The Numbers at the Med School – at Risk of the Vaccine Mandate

Pictured: Dr. Steven Berk, Dean of the Texas Tech University Health Sciences Center
Pictured: Dr. Steven Berk, Dean of the Texas Tech University Health Sciences Center
Published: Nov. 16, 2021 at 9:55 PM CST

So what about the Texas Tech School of Medicine and all the branches of the Texas Tech Health Sciences Center.

How will they be impacted?

The answer is…it’s complicated.

The foundation of TTUHSC is based on science. Dr. Steven Berk, Dean of the Medical School, says that is evident by the overall number of physicians - including those in training - who have already rolled up a sleeve for the covid vaccine.

He says, “There are very few of our physicians that are refusing the vaccine. About 410 out of 420 physicians are going to be vaccinated.”

That leaves 10 physicians who are not vaccinated yet.

Also, there are 13 residents out of 240 who are still unvaccinated.

Dr. Berk says, “I’m very concerned about 13 residents, and even five or 10 physicians. They’re individuals that have tremendous training and we don’t want to lose anybody.”

As for the students, 36 are still not vaccinated out of 720 medical students in all.

Dr. Berk says, “To put this back in perspective, it would be a terrible thing for an unvaccinated physician, or an unvaccinated resident to give COVID to a vulnerable patient in the clinic or in the hospital.”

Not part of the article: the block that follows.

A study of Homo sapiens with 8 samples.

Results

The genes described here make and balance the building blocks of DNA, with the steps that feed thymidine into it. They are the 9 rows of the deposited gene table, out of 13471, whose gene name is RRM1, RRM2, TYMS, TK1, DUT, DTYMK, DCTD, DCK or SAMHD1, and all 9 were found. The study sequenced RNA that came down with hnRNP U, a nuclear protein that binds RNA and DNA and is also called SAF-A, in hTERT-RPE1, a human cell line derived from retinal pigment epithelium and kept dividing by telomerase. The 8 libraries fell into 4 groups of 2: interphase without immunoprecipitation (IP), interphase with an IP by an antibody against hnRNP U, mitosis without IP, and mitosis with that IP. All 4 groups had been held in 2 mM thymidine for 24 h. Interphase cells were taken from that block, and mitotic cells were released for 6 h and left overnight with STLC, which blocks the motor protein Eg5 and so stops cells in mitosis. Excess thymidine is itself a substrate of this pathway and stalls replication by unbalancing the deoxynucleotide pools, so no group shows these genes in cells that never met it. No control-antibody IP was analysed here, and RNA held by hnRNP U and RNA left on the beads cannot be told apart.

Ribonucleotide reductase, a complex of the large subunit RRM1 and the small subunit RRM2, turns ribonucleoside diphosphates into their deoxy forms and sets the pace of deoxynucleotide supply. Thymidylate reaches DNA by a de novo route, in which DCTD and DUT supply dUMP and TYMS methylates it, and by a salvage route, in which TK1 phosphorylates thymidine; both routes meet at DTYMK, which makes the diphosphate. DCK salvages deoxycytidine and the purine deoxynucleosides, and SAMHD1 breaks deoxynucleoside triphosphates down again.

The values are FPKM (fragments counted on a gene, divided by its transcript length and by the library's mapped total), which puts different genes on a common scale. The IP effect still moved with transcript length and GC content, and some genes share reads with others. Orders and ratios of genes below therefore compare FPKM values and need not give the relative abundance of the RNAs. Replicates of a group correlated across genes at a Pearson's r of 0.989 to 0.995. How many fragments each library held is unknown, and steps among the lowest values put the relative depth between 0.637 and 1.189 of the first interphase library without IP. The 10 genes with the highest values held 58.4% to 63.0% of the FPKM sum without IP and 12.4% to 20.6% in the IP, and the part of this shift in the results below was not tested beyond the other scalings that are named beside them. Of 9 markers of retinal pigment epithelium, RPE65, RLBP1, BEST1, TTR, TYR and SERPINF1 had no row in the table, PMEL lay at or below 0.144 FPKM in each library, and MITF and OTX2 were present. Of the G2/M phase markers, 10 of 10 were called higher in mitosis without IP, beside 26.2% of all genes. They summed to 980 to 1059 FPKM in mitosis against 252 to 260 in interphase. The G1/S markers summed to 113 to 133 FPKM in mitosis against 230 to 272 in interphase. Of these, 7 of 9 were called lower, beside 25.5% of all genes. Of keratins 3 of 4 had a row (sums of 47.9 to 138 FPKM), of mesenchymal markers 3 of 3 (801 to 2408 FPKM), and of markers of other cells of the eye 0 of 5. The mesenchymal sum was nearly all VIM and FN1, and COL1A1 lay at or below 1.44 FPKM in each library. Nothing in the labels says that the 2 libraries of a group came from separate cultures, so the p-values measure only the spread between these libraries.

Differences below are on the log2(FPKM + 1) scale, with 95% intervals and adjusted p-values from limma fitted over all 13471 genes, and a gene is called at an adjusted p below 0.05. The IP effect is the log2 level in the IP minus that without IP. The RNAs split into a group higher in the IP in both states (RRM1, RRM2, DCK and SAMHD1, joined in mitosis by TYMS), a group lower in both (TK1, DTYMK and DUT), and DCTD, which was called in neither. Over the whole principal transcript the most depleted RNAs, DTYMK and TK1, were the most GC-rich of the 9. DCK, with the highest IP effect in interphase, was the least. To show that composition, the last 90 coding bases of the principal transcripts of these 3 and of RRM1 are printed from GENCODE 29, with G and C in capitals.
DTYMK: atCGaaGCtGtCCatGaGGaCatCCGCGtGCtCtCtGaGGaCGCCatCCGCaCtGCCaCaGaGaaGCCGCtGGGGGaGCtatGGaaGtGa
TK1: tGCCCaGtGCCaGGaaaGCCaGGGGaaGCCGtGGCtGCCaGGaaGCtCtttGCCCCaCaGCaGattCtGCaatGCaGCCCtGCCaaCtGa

That’s where it gets complicated because he says some employees of the Health Sciences Center who have no interaction with patients are not required to get the vaccine.

This, while the OSHA vaccine mandate for any place with more than 100 workers... is still hung up in court.

So for now, Dr. Berk says the mandate is directed at hospitals like UMC and Covenant along with any federally funded clinics like the Larry Combest Wellness Center in Lubbock.

Dr. Darrin D’agostino is Provost at TTUHSC, overseeing its many branches and schools that stretch across Texas.

He has spent a lot of hours working with attorneys to learn how TTUHSC can follow laws from the governor’s office and from the White House. One thing is for sure, he says, “It’s highly confusing. That’s the problem.”

He adds, “But at the same time, we have to do right for our patients. And we think that there are ways that we can navigate this so that we’re not losing employees, that’s the last thing we want to do.”

Navigate the system, meaning ‘shifting’ some positions so the unvaccinated are not working close to patients.

He says, “The question is how many of our employees need to be shifted if we’re going to do that. And if we have enough places for them to do that, and for how long?”

Also, there is a real concern for our outlying clinics. Dr. D’agostino explains, “Our rural communities are vulnerable. We don’t have enough providers in those areas.”

Nationwide, the mandates are forcing some clinicians to make career changes. He says, “Some are retiring early. Some are choosing to go into private practice. Some are choosing to go into other practices that fit their style, and what they believe.”

Both men agree these are difficult times but we need to learn how to live with Covid 19 because the virus is here to stay.

Dr. Berk sympathizes with those in the community who are at high risk, saying “The elderly, those with heart disease, lung disease, they just can’t get Covid from a healthcare worker. That’s just a tragedy and it can’t happen.”